The 2019 data breach at luxury hotel chain MGM Resorts appears to be much larger than originally reported after researchers recently found 142 million hotel guests’ personal details for sale on the dark web.
Last summer’s data breach was initially reported to impact 10.6 million hotel guests after hackers were able to gain unauthorized access to a cloud server. This breach gained significant attention from the media after it was reported that high profile guests including Twitter CEO Jack Dorsey and Justin Bieber were even impacted by the breach.
According to ZDNet, an advertisement recently posted on the dark web reads, “MGM Resorts was hit by cybercriminals, first reported by ZDNet, who listed personal and contact details for 10.6 million hotel guests, including celebrities, employees and government officials. However, what was not reported was that MGM Grand Hotels was also breached, consisting of 142 million entries.”
The hacker behind the ad is looking to sell the personal information of approximately 142,479,937 MGM guests for $2,939, with information including first names, last names, street addresses, email address, phone numbers and dates of birth. While sensitive financial information and Social Security numbers have not been compromised in this breach, the information available is more than enough to give identity thieves a head start in their attack efforts.
The hacker behind this attack claims to have gained access to the treasure trove of data after hacking into a threat-intelligence monitoring platform called DataViper owner by Night Lion Security. Founder of Night Lion Security, Vinny Troia, adamantly denies this claim and says that the company has never owned a copy of the full MGM database. He claims that hackers are just trying to destroy his company’s reputation. However, news broke this week after an investigation from Brian Krebs found that DataViper’s systems had been targeted by hackers and recorded 8,200 databases stolen. According to Krebs, DataViper provides access to “some 15 million usernames passwords, and other information exposed in more than 8,000 website breaches.” It’s alleged that hackers have posted its databases online, including over 2 billion records collected from past data breaches.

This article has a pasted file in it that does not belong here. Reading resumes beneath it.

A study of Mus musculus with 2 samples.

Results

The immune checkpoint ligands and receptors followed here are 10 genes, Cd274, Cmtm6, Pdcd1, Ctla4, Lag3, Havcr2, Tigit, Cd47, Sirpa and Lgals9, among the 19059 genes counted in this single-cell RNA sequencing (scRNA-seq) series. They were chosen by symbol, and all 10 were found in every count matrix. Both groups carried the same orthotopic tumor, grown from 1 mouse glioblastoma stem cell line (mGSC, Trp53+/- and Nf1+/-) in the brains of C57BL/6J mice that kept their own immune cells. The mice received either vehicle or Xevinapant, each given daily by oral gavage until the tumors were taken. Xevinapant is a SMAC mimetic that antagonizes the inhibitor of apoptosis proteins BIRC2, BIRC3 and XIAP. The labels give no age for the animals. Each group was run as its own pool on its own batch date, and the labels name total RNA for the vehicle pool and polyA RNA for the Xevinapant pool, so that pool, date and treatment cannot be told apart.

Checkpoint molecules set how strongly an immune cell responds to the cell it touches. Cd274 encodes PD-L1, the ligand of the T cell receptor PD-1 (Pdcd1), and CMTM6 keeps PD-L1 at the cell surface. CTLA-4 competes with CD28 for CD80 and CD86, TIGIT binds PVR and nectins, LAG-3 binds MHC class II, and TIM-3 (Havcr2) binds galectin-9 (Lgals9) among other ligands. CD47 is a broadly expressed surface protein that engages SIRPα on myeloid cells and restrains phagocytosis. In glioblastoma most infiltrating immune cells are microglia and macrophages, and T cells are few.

MGM learned of the data breach last year, but never went public with this incident. However, according to local data breach notification laws, the company did notify impacted customers of the security incident. When reached for comment, an MGM spokesperson told ZDNet that, “MGM Resorts was aware of the scope of this previously reported incident from last summer and has already addressed the situation.”
However, the stolen data could be even bigger than the 142 million count that stands today. Threat intelligence firm KELA told ZDNet in February that the MGM data had been circulating and was being sold in private hacking forums since July of last year. It’s also been reported that ads on Russian-speaking hacking forums promoted the MGM data breach as containing personal information on over 200 million hotel guests.